How Telehealth Has Changed the Landscape for Medical Staff Services
Telehealth adoption skyrocketed during the first year of the pandemic, forcing a transformation of healthcare. In addition to changing how patients receive care at healthcare facilities, telehealth also influenced how medical staff services check provider credentials.
More than two years into the pandemic, telehealth hasn’t gone away. A KFF-Epic Research analysis of March through August 2021 found that 8% of all outpatient visits were conducted via telehealth. That’s down from the 13% measured at the height of the pandemic but significant since, prior to COVID-19, telehealth outpatient visits were not a regularly tracked statistic.
“I think telemedicine and remote patient monitoring are going to continue to grow,” says Christina Watson, Physicians Assistant and Provider for Medek Health Systems. “So many patients find it more convenient and more personal than going in for office visits.”
Explore how telehealth has changed the landscape for medical staff services, from transforming the credentialing process to waiving requirements.
Credentialing by Proxy
Telehealth may have let patients instantly visit their healthcare practitioners, but medical staff services were challenged to incorporate those changes into the credentialing process.
The credentialing process requires hospitals and other healthcare facilities to confirm the qualifications of each provider they grant privileges to practice within their organization, including telehealth providers not on site. But the high costs of credentialing remote providers often make it difficult for smaller or more rural healthcare facilities to offer telehealth services to their patients.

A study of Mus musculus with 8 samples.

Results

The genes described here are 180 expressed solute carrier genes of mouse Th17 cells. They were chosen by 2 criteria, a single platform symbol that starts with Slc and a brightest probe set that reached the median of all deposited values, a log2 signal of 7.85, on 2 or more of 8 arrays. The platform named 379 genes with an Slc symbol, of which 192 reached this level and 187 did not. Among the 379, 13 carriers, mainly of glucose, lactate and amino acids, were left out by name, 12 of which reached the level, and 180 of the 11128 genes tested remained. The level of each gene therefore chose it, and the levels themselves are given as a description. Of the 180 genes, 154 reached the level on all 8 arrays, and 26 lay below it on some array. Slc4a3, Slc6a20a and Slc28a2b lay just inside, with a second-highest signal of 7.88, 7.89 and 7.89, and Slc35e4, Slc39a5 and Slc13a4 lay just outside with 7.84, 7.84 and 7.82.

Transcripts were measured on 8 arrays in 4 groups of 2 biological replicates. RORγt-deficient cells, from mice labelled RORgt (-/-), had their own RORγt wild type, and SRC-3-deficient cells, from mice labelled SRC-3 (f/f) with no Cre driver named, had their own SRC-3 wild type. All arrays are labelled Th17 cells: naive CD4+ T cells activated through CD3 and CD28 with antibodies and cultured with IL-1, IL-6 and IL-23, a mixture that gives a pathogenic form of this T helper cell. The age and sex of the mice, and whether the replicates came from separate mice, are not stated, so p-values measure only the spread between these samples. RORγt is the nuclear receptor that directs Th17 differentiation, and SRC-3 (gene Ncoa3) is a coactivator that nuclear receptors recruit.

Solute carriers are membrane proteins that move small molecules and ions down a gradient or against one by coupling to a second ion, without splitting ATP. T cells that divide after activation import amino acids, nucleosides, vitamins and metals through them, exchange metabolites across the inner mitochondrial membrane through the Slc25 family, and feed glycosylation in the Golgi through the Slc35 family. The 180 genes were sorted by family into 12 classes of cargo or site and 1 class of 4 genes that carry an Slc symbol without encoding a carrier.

To address the inequity of services, the Centers for Medicare & Medicaid Services (CMS) regulations now allow hospitals to perform what is known as “credentialing by proxy” — relying on credentialing and privileging decisions made by a distant site hospital or telemedicine organization, such as a teleradiology group or ambulatory surgery center.
“I encourage people to take advantage of credentialing by proxy,” says Kathy Matzka, CPMSM, CPCS, and a writer, speaker, and consultant specializing in credentialing and professional staff issues. “Take advantage of the current CMS regulations and approved hospital credentialing processes. There’s no reason to recreate the wheel.”
Waiving CMS Requirements
When COVID-19 was declared a national health emergency in March 2020, CMS waived all medical staff credentialing requirements as part of its response. While most states have rescinded their public emergency status, the federal health emergency may continue into 2023.
Matzka says that when she asks medical staff services professionals at her speaking engagements if any have taken up CMS on their credentialing waiver, they all respond with a resounding “no.”
“It’s due to the liability,” she says. “If they let in someone who isn’t licensed to practice, they’ll still be sued for negligent credentialing regardless of CMS waiving the requirements.”
Recognizing Telehealth as an Existing Privilege
Healthcare providers with existing hospital privileges were often asked to work via telehealth during the beginning days of the pandemic. This transfer to telehealth concerned medical staff professionals who considered telehealth an expansion of privileges.
However, the Joint Commission interceded with new guidance — medical staff services should not consider telehealth a new privilege. Instead, visits via telemedicine are simply a different form of practicing medicine for which providers already have been credentialed.
Adapting to Change
Like the rest of the healthcare industry, the COVID-19 pandemic required medical staff services across the United States to adapt to the adoption of telehealth. Now that the immediate demand for telehealth staff has lessened because of decreased visits, workloads should lighten for medical staff services going forward, even as telehealth becomes a permanent part of the healthcare landscape.